Greens Senator Bob Brown will move for a Senate inquiry into the activities of the Exclusive Brethren religious sect next year, following revelations of their long attempts to influence the Government on family law.
The Age is able to reveal that the Brethren met Attorney-General Phillip Ruddock last year and asked him to amend the Family Law Act to “ensure that a child is not subject to a radical lifestyle change without compelling reason”.
The request would mean that no child brought up in a Brethren family would be able to have access visits with a parent who had left the strictly separatist sect.
Documents obtained by The Age also reveal that the Brethren representatives wanted Mr Ruddock, as part of the Government’s 2005 Family Law Act amendments, to beef up “parenting plans” to make them legally enforceable.
Such plans are designed mainly to help separating parents sort out access arrangements, but the Brethren wanted to use them to prohibit parents who had left the sect from getting access to their children.
In a letter to Mr Ruddock on May 5 last year, the sect describes the concept of parenting plans as a “crucial issue”.
“Why shouldn’t the fact that a parenting plan has been adopted by the parties (even before any discord has arisen) be a factor that the court is expressly directed to take into account in determining issues?” sect representatives wrote to Mr Ruddock.
“Or could there be some presumption arising out of the fact that a parenting plan has been entered into?”
Such a provision would mean the Brethren could force newly married adherents to sign statements promising to bring children up within the strict rules of the sect, and then have those statements enforced by the court if the marriage broke down.
The idea was ridiculed by family law practitioners who have spoken to The Age.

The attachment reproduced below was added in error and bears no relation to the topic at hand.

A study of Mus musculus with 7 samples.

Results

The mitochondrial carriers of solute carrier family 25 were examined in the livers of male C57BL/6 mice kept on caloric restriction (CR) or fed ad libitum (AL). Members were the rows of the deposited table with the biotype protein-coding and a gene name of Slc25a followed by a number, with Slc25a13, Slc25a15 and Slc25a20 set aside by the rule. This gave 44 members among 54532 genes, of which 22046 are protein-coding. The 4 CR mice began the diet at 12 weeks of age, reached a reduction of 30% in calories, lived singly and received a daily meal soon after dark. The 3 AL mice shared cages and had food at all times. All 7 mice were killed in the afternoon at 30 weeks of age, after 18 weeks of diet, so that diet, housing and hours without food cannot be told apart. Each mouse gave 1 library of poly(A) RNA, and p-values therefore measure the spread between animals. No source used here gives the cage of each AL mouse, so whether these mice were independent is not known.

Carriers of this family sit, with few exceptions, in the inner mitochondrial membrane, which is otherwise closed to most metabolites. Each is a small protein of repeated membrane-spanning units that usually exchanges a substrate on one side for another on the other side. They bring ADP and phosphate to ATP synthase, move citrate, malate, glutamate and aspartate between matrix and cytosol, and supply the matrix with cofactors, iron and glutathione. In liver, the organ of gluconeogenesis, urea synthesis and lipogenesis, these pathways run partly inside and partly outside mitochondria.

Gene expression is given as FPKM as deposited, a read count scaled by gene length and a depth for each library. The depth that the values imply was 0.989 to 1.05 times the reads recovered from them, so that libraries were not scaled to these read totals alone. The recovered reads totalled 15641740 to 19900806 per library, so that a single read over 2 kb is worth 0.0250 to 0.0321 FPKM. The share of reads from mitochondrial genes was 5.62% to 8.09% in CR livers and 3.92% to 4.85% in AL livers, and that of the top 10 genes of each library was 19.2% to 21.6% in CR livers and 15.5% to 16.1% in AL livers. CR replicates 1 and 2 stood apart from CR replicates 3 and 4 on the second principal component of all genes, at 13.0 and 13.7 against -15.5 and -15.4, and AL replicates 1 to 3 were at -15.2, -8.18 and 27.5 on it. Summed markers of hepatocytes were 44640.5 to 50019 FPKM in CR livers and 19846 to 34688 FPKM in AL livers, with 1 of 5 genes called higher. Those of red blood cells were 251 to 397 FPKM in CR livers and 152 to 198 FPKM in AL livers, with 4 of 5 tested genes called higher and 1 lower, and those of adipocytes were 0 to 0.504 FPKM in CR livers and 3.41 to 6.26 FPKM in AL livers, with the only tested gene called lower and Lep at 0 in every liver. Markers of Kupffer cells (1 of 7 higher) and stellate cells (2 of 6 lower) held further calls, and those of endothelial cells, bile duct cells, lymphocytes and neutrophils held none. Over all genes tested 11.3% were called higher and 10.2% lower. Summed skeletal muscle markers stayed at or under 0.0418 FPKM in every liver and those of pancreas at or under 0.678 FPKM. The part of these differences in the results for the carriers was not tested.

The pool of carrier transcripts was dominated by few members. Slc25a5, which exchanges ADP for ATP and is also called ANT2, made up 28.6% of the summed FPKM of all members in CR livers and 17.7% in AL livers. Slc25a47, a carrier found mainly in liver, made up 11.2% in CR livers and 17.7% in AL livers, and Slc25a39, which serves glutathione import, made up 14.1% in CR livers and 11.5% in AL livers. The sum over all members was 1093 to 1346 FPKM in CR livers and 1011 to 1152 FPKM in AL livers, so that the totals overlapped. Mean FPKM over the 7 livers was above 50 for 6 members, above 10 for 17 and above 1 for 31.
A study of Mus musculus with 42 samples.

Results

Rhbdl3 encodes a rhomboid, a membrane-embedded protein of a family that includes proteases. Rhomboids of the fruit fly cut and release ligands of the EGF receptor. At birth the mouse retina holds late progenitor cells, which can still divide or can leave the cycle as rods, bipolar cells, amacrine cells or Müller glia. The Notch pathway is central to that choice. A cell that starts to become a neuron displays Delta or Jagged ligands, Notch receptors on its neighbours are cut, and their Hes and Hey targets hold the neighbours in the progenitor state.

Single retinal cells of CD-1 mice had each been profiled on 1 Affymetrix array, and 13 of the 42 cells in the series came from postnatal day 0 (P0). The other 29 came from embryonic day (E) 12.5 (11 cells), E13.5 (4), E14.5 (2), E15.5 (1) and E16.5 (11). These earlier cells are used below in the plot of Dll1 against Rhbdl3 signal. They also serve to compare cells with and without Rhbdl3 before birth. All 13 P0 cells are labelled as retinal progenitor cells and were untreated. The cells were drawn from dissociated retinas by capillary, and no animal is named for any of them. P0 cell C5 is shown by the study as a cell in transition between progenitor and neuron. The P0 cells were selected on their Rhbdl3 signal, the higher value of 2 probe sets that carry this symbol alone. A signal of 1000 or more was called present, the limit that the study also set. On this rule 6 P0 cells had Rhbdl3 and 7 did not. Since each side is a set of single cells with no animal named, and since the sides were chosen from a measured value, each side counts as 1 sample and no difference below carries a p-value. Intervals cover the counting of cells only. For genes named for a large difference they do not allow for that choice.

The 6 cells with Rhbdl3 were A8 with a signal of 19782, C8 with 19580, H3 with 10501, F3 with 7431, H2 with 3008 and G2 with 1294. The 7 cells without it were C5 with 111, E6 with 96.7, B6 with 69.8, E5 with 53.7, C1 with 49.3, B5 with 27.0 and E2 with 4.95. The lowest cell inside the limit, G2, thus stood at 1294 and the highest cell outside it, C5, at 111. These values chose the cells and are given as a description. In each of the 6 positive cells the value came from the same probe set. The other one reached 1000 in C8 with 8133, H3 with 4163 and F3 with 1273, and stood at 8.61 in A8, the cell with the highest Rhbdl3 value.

Mr Ruddock’s response to the Brethren’s approach gave them little joy. The Government’s changes would “emphasise the rights of the child and the right of the child to know both their parents,” he wrote.
The Age revealed yesterday that the thrust of all Brethren lobbying in family law is to keep lapsed members away from their children, and keep children within the sect. On other occasions, the group has been more successful in its attempts to lobby governments, state and federal. In industrial relations law, they have been granted “conscience” clauses to prohibit unions from entering their businesses. Senator Brown moved unsuccessfully this year for a Senate inquiry into the sect, and he said yesterday he would put a similar motion again next year.
“I want an inquiry into the impact and effort to undermine Australia’s family law, and to override the interests of children for self-interest, which is the exclusion of Australian society from what they do,” he said.
He said Mr Ruddock should reveal all details of his and his predecessor Daryl Williams’ dealings with the sect because “their success with IR laws shows they’re used to getting a result out of the lobbying”. Senator Brown has asked questions of 20 federal ministers about details of their meetings with the Brethren, but none have responded.
“This leverage on the Government and the Attorney-General is obviously very strong, and I think it’s quite clever, to try to have the family law and Family Court give preference to the sect in its beliefs,” Senator Brown told The Age.
The documents obtained by The Age show “a plan by the sect to gain precedence” over all other Australian families.
“They make the extraordinary claim that the lifestyle of Australians is inappropriate for bringing up children and only they know how to do it, and they say the court should not allow child to see their non-Brethren parent,” Senator Brown said.